Maria Taylor

Amidst all the discussions around The New York Timespublication of Rachel Nichols’ 2020 comments about ESPN colleague Maria Taylor, the fallout that’s created within ESPN, the reduced on-air duties that’s led to for Nichols, and the memo from ESPN president Jimmy Pitaro about this and the timeline questions that raises, a key question is if Taylor and/or Nichols will stick with ESPN after all this. Even ahead of that NYT piece, Andrew Marchand of The New York Post wrote that Taylor’s contract expires July 20 (the date of a potential sixth game of the NBA Finals, and two days ahead of a potential seventh game, notable considering that Taylor is now ESPN’s main NBA Countdown pre-game/halftime/post-game host there), that she’d been offered “near $5 million” annually to stay last year but turned that down, and that their current offer to her was in the $2-$3 million range and that she hadn’t agreed to that and might head elsewhere (with NBC and Amazon specifically mentioned as possible landing places).

Now, one and possibly two of those landing places appear to actually be in play. On Wednesday, Michael McCarthy of Front Office Sports reported that a NBC-Taylor deal is close, with a source saying it’s “at the half-yard line.” McCarthy also noted that this could be a non-exclusive deal, which would let Taylor also possibly strike a deal with Amazon for Thursday Night Football work. Here’s more from his piece:

ESPN’s Maria Taylor is nearing a possible deal with rival NBC Sports, sources tell Front Office Sports.

The rising star could become the new host of “Football Night in America” as Mike Tirico transitions into the play-by-play post long held by Al Michaels. With her experience on ESPN’s popular “College GameDay,” Taylor could work on NBC’s broadcasts of Notre Dame football. As an added lure, NBC could provide Taylor a global TV stage as an Olympic correspondent.

“The deal’s at the half-yard line. But that can still be a long way in contract negotiations,” said a source. The negotiations could still fall apart or ESPN could raise its offer.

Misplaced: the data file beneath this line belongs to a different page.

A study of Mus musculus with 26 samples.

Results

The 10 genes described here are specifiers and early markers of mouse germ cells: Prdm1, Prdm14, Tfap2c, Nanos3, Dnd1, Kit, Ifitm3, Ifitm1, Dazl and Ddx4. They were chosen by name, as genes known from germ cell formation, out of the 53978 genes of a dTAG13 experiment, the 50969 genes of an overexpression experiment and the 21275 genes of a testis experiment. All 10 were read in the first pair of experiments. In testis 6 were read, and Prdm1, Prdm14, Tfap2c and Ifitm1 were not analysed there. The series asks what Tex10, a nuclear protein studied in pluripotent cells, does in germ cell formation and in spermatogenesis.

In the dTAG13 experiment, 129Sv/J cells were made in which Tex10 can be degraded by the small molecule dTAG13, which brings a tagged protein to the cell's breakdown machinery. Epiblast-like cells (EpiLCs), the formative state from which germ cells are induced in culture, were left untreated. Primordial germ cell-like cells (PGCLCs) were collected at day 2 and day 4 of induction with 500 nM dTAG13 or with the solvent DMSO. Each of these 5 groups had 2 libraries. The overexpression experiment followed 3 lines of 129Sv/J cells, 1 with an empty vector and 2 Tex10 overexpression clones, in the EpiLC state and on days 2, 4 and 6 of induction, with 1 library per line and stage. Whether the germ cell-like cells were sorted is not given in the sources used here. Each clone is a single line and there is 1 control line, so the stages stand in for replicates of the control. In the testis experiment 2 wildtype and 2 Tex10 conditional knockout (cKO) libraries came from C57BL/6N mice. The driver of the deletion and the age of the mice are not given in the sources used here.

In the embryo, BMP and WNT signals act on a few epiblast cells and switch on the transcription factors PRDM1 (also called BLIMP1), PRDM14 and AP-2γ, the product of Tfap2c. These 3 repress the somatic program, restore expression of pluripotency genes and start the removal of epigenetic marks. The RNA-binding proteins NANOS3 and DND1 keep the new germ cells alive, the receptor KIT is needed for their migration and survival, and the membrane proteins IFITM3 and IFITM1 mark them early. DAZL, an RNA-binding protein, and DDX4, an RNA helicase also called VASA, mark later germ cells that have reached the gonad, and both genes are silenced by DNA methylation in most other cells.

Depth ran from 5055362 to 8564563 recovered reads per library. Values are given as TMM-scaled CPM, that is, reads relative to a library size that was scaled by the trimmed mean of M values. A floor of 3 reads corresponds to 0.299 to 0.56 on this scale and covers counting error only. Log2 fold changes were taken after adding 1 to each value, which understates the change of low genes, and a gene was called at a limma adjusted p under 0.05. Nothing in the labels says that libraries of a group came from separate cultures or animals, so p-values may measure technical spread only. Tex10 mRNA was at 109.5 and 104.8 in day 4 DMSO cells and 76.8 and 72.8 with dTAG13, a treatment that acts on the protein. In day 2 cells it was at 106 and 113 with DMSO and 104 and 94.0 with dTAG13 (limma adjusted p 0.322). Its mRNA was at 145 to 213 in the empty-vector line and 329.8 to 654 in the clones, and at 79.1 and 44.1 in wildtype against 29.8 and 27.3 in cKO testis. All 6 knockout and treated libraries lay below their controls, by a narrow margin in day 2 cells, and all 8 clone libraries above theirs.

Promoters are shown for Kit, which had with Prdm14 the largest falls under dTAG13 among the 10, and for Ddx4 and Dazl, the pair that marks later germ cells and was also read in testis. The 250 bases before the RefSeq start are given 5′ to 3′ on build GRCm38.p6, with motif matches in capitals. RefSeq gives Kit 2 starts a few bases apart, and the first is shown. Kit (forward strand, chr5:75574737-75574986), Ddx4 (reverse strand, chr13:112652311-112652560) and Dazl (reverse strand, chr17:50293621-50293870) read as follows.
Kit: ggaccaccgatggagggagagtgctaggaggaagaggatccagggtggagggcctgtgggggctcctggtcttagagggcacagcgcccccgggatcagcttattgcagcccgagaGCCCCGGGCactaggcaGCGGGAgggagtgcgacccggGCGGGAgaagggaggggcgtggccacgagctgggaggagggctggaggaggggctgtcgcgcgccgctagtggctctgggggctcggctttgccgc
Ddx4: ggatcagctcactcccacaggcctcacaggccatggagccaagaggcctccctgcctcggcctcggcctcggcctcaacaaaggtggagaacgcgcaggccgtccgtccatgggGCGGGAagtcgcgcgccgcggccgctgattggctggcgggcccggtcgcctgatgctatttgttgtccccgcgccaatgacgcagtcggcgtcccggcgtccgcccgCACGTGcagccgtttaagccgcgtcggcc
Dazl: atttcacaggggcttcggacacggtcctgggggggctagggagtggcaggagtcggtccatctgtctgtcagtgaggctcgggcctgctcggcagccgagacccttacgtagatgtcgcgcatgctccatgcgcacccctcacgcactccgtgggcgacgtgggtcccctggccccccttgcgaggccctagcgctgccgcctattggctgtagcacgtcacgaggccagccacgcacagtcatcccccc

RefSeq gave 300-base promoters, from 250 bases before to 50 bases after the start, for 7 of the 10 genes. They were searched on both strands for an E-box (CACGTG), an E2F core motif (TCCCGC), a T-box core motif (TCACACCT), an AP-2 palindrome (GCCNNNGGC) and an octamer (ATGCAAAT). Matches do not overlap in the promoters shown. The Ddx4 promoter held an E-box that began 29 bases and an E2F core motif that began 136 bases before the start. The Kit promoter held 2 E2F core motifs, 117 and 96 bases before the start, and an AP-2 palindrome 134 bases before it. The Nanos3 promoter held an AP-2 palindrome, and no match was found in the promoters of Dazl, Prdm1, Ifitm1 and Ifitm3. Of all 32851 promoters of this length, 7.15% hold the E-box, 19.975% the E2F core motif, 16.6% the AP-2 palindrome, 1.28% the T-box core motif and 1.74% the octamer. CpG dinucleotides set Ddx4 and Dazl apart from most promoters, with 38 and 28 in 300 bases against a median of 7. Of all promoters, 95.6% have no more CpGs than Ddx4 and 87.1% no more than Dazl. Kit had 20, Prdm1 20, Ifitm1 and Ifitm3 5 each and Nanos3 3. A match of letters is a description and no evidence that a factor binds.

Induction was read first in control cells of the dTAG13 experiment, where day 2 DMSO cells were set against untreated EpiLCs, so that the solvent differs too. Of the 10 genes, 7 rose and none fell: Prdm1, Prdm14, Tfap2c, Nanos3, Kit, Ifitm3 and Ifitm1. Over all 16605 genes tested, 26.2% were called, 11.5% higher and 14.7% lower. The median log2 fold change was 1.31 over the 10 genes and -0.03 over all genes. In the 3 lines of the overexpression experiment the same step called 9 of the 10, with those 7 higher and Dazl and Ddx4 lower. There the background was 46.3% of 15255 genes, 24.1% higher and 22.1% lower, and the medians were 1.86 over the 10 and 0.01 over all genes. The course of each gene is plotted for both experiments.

Taylor, who’s currently hosting “NBA Countdown” during the NBA Finals, could also become a news correspondent on NBC’s “Today” morning show, following the trail blazed by former ESPN star Robin Roberts to ABC’s “Good Morning America.” If the deal is not exclusive to NBC, the former University of Georgia athlete could also join Amazon’s “Thursday Night Football” coverage, thus defraying contract costs for NBC.

McCarthy’s source is absolutely correct that a “half-yard line” “can still be a long way in contract negotiations.” It’s far from clear that this will actually lead to Taylor leaving ESPN and signing with NBC. And, if anything, this report might put more pressure on ESPN to significantly up their offer to her. The Taylor-Nichols situation has led to a lot of criticism for ESPN, including around the larger issues of their treatment of Black employees. A recent column from Los Angeles Times deputy sports editor Iliana Limón Romero discussed that in detail, including comments from Black ESPN employees past and present. And if Taylor moves on, that’s one more blow to ESPN’s reputation on that front.

It’s also easy to see why this could be a fit for both NBC and Taylor, though. Taylor has shown strong hosting abilities, including on college football and on the NBA, and she’d be a logical fit to replace Tirico in the Football Night in America host role down the road. They also have Notre Dame games and other things she might be able to work on. And she might be able to contribute to their coverage even as soon as the Tokyo Olympics; there could be challenges there with so many of those plans already in place, but networks have often rejigged things at the last moment to show off a new star.

Regardless of if that happened this year or not, Taylor’s sports background (she played both basketball and volleyball at Georgia) and hosting background (she’s hosted everything from college football to college volleyball to the NBA) might make her a great fit for NBC’s Olympic coverage in future years. And that’s beyond year-in and year-out work on their football properties. And for her, this would be a high-profile landing spot, and a way to move on from this situation at ESPN that wound up being extremely public. We’ll see if this move comes to pass, but it’s definitely interesting to have it reported as being this close. (And if this does come to pass, that could lead to a lot of awkwardness around ESPN’s NBA Finals coverage in the days ahead, especially if the series goes to six or seven games.)

[Front Office Sports]

 

About Andrew Bucholtz

Andrew Bucholtz is a staff writer for Awful Announcing and The Comeback. He previously worked at Yahoo! Sports Canada and Black Press.